As industry observer Bob Lefsetz reminded his followers earlier this week, there’s still no standard way to start generating buzz and “make it” in music. Plenty of musicians assume that relentless networking and appearances are what seal the deal—and they’re sometimes right—but Lefsetz’s point was that, more often than not, what breaks you is a chain of random occurrences and pleasant accidents. This notion is reaffirmed by stories like that of Sean Bones’ Sean Sullivan.
I may only be speaking for myself here, but Chamberlin held a special place in our SXSW journey as they were the first band to ever perform a Presskit.to bus session. At the early stage in our Austin stay in which Chamberlin performed, we were still oblivious to the strange Texas law prohibiting an alcohol-branded vehicle from projecting music, so we happily rigged up a PA to play their music out onto the street during their set. For all too brief a time, Chamberlin’s “Maryland” and “Jealousy” provided the soundtrack for our first Demo Day, and for any SXSW-er who was fortunate enough to be passing by at that point in time.
We couldn’t be more excited to premiere their unreleased track “Jealousy” here on IAtv. Check it out in the player above, and be sure to catch Chamberlin on their mini Midwestern tour this week and next if you like what you hear!
It has never been the intention of this website to review or analyze music in writing, but in this instance I will go so far as to say that the strength of Brent Walsh’s voice in person almost knocked the camera out of my hands. To his and all of I the Mighty’s fans’ benefit, this talent is complimented by the top-notch musicianship exemplified by his band mates—check out bassist Chris Hinkley’s frenetic fingers in the video above. That said, who is I the Mighty?
Cambridge songwriter stand-out Sarah Blacker is gearing up for the release of her Perfectly Imperfect EP, and took some time to tell us about how she overcomes writer’s block, a cool service called Concerts in your Home, what effect her career in music therapy has had on her musicianship, and much more. She also serves as proof that it is possible to get your music into Pandora’s catalogue as an independent artist! Listen to her cover Bon Iver’s “Flume” in the player above, and be sure to make your way out to her Perfectly Imperfect release partywith Air Traffic Controller at Club Passim on March 9th!
Read the rest of Sarah’s Green Room Interview here
Those of us who inexplicably choose to inhabit cold, windy, and wet urban areas during the winter months witness the cycle of winter from a unique perspective. First the snow falls and accumulates, then turns to a ubiquitous and semi-permanent white crust and ice combination, then gets covered in dirt, garbage and traffic exhaust, only to finally melt away, reluctantly exposing the raw earth that had been layered beyond recognition, awaiting the nourishing power of spring. Singer / songwriter Brian Marquis’ (Therefore I Am) term for this final stage is “snow damage,” a term that doubles as the title of his first EP as a solo musician. As you will see below, the stages required for snow damage to occur are not just limited to music, nor is the concept of snow damage restricted to the tangible arena.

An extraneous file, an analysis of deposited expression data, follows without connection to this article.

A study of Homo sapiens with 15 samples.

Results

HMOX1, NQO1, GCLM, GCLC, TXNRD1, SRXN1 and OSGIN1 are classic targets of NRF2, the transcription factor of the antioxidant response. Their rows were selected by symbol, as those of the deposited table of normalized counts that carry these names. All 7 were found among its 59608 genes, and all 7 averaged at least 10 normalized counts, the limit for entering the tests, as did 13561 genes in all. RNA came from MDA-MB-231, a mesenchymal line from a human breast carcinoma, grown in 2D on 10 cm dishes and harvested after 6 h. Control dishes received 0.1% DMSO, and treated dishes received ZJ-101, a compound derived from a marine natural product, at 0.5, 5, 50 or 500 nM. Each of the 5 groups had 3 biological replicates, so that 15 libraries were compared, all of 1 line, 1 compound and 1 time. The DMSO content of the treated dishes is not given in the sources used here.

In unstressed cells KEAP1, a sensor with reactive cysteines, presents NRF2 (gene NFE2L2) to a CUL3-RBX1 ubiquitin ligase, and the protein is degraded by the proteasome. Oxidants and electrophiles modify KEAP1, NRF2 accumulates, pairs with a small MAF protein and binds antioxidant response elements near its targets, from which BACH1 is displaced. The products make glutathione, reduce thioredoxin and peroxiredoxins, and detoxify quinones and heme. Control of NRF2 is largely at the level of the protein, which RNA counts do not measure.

Musicians are insanely devoted people – there’s no other explanation for the amount of will poured into their unpromising craft and equivocal pain felt and when the vehicle for that craft crashes and burns. After the implosion of his previous outfit left Brian disoriented and disillusioned, he migrated west to sunny Los Angeles to remedy his wounds and re-discover his appreciation for music. But moving as far away from Boston as possible while remaining in the continental U.S. wasn’t the only drastic change Marquis underwent. He switched from being one member in a band to a solo singer/songwriter armed with nothing but an acoustic guitar. He gladly departed from the world of record labels and managers to a more simplistic lifestyle where he gets to be his own boss. Most importantly, he crested the suffocating anxiety caused by trying to “make it” as a musician.
Now in his 30s, Marquis is noticeably calm for someone who once played in a hardcore band. But content does not mean idle. Since re-emerging from his hibernation as a solo artist, Brian has gotten back to basics, the type that had him voluntarily playing for hours as a child. He’s also aiming to become a better guitar player: “When you’re touring so much, I felt like I was good at playing our songs, but I was a bad guitar player” he says. These skills are much more audible and open to critique when not smothered by effects and other instruments, just one factor that’s contributed to Brian also being nervous on stage for the first time in his life.
Cozy up with original tune “84 Rookie Card” and his cover of Thrice’s “Digging My Own Grave” in IAtv’s first ever post-redeye flght morning session, and pick up a copy of Brian’s Snow Damage EP if you like what you hear!